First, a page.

Pediatrics and Child Health

Motion sickness can affect adults as well as children but is most commonly found in children. Motion sickness is caused by the brain getting mixed messages about movement or motion. While riding in a car the body and inner ears tell the brain that you are moving while if not able to see out a window, your eyes are telling the brain that you are stationary. The nerves of the body, the inner ears and the brain all work together for balance. When the brain gets mixed messages, your child might get motion sickness.

The first thing you’ll probably notice about your child with motion sickness is that she might either look pale or flushed. She’ll probably be cold and sweaty and have nausea which proceeds to vomiting. The young baby with motion sickness will usually exhibit unexplained crying and restlessness followed by vomiting. Motion sickness symptoms may start out being mild but seem to increase in severity with each car ride. Take heart though. Motion sickness episodes usually lessen in frequency as your child grows older.

Motion Sickness Treatment for Children

The first step in the treatment for motion sickness symptoms in your child is prevention. As soon as you have determined that you have a child with motion sickness that is about to have another episode, it’s best to stop the activity causing it. Sometimes this just isn’t practical or possible as in driving on the thru-way but if you can, pullover to sit for a bit and let the child get some fresh air. When taking long trips, frequent stops will be helpful. If your child is getting motion sickness from swings or other moving equipment at the playground, stop the activity immediately and move on to something that requires both feet on the ground.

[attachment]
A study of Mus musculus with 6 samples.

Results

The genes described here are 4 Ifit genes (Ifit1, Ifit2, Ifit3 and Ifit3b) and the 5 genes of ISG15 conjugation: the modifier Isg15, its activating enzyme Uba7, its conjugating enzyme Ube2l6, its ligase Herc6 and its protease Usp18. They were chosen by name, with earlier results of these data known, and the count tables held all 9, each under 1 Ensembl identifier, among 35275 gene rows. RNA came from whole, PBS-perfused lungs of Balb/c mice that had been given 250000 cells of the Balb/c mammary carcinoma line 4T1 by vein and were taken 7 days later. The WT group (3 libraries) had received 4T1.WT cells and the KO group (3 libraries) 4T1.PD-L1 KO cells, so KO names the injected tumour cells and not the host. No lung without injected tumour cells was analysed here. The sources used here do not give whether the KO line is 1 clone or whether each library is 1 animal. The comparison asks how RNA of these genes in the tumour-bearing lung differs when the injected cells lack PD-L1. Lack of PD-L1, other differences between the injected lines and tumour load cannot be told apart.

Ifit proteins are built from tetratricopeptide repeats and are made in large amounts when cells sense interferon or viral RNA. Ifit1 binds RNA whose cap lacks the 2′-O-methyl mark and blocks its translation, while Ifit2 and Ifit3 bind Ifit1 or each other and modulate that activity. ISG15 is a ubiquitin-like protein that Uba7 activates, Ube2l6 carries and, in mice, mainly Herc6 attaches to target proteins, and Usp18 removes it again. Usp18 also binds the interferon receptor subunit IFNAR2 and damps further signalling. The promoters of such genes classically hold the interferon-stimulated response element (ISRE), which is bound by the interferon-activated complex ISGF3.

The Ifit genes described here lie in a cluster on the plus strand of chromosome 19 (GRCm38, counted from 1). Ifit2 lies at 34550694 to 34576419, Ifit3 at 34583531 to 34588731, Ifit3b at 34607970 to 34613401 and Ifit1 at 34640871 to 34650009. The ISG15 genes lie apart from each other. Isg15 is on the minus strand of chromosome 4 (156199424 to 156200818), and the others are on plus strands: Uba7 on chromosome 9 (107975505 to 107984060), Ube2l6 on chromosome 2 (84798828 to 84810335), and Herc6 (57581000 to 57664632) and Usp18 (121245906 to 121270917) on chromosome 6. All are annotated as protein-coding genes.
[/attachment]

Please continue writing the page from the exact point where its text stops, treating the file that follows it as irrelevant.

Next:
A full stomach or an empty one seems to present problems for the child with motion sickness so giving your child a light snack and avoiding a heavy meal before a ride in the car will help. Redirecting your child’s attention is also helpful with avoiding motion sickness symptoms while riding in the car. Talking to him, singing, or listening to the radio, cds, or tapes will get his mind focused on something fun. Make sure the child can see out of the window and encourage him to do so rather than having to look down at a book or toy. Avoid wearing perfumes and colognes and get rid of that scented air freshener in the car. Fumes of any sort will intensify the effects of motion sickness.

Finally, if you have a child with motion sickness just be prepared for the worst case scenario. Always pack a bag with changes of clothing for your child. A plastic bag containing moist washcloths, a roll of paper towels and extra plastic bags will be good to have on hand (and always out of reach of the child). You may want to discuss your child’s motion sickness symptoms with your pediatrician who can give you more insight on prevention and treatment. Once again, remember that as your child grows older you will probably see less and less of the events of motion sickness.